Introduction of the MALB, by many measures, was a huge success, because this species has proven to be a helpful biological control against crop pests of pecans, apples, citrus, alfalfa, corn, cotton, tobacco, wheat, and soybeans.
On the other hand, Asian lady beetles are not welcome when they swarm into homes in late summer and fall. Once indoors, they buzz around living room lights at night, emit a unique foul odor when disturbed, and excrete a yellow, staining fluid on walls and fabrics.
Researchers have found that the swarming of this species is especially intense on warm, sunny fall days that occur right after a cool, overcast period. They seem especially attracted to bright, sunlit sides of houses in afternoons, and congregate the most in places with strong contrasts between light and dark-colored surfaces, such as dark shutters on a light house.
To exclude MALBs from a building, use caulk or similar sealant to seal cracks around windows, siding, utility pipes, and other possible entry points. To remove these insects from your home, vacuuming them is probably better than a broom and dustpan, as the latter will cause the insects to secrete their stinky, staining liquid.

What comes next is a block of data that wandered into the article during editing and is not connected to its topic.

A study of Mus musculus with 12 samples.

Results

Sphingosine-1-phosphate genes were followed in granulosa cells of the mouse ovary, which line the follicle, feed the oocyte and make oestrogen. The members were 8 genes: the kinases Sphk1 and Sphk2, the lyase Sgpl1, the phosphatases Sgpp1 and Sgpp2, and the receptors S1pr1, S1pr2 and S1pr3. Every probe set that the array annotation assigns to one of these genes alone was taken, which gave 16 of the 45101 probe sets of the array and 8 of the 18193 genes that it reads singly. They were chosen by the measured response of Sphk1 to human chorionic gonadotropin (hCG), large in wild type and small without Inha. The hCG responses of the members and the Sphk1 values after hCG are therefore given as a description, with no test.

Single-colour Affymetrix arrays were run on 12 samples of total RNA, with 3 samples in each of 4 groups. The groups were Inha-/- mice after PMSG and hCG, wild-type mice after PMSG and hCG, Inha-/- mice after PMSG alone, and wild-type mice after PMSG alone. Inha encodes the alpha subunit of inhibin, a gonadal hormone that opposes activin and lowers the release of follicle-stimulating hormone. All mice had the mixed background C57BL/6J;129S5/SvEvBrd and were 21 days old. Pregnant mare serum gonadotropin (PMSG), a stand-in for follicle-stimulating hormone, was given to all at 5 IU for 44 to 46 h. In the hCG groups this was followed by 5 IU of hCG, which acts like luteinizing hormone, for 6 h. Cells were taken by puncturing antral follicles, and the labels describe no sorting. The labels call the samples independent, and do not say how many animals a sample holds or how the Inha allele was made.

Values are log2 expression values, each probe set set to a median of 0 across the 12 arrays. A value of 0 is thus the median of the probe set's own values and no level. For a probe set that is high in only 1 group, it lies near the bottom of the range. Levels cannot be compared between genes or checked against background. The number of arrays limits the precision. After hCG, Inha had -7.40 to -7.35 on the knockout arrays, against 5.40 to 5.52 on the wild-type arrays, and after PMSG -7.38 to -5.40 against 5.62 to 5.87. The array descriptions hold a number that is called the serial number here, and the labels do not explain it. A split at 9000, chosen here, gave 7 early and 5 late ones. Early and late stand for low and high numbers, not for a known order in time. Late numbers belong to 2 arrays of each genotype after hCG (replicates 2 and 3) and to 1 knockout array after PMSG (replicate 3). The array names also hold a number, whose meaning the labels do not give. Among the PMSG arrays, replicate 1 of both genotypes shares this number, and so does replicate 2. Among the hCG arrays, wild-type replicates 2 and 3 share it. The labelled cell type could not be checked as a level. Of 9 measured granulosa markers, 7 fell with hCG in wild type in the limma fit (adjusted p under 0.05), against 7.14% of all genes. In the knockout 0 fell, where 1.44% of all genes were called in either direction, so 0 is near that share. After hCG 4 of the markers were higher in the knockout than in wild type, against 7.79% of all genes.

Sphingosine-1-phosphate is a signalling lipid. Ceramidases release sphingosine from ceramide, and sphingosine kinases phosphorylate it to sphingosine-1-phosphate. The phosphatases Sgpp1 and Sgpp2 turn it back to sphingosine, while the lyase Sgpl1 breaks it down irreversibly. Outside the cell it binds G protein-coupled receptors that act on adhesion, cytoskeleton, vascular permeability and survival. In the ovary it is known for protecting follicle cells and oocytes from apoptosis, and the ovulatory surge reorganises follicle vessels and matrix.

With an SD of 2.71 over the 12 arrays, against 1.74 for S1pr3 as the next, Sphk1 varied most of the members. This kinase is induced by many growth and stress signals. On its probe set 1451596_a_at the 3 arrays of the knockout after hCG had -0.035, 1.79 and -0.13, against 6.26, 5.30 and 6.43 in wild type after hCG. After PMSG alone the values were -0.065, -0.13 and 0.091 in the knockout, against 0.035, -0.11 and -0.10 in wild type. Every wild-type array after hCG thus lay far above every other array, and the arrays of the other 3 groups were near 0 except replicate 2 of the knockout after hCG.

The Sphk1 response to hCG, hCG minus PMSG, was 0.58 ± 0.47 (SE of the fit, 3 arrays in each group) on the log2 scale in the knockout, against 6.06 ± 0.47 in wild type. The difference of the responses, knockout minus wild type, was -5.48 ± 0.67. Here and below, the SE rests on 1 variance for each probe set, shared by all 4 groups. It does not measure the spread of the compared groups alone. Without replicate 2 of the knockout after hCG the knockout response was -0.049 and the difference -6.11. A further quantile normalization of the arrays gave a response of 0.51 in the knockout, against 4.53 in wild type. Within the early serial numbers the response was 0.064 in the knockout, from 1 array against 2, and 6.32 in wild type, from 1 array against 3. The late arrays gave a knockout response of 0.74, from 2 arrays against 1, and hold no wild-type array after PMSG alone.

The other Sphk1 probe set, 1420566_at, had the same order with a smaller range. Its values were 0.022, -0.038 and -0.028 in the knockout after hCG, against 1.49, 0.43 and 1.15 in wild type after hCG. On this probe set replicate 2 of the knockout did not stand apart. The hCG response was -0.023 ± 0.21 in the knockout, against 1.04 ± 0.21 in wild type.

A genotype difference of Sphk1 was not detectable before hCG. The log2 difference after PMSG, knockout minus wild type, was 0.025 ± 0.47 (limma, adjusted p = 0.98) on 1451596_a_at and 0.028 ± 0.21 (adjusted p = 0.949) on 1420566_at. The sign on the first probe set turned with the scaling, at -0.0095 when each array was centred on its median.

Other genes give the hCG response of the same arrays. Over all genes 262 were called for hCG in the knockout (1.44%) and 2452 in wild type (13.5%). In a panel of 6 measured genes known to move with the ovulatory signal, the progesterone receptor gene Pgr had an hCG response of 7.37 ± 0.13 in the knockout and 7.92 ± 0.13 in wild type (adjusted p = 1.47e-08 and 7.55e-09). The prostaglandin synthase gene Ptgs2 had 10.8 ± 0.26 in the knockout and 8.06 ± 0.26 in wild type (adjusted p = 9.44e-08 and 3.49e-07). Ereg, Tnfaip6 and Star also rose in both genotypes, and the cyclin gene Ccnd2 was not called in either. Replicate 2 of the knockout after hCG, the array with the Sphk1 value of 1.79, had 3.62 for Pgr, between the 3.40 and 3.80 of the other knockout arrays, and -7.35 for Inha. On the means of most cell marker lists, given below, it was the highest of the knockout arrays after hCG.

Missouri's grape growers have discovered that these beetles take shelter in grape clusters late in the season. Then, when the grapes are harvested, the beetles, crushed along with the fruit, cause "off" flavors in the finished wine. The problem is worst with grapes that are harvested late in the season, including Nortons and grapes intended for late-harvest dessert wines.
Fortunately, Asian lady beetles are not known to be particularly injurious to humans: they do not transmit diseases, nor do they possess venom. They do not destroy clothing, wood, or food. In large numbers, however, for people who are predisposed they can trigger allergy or asthma symptoms. In general, people should avoid touching their eyes or noses after handling these insects.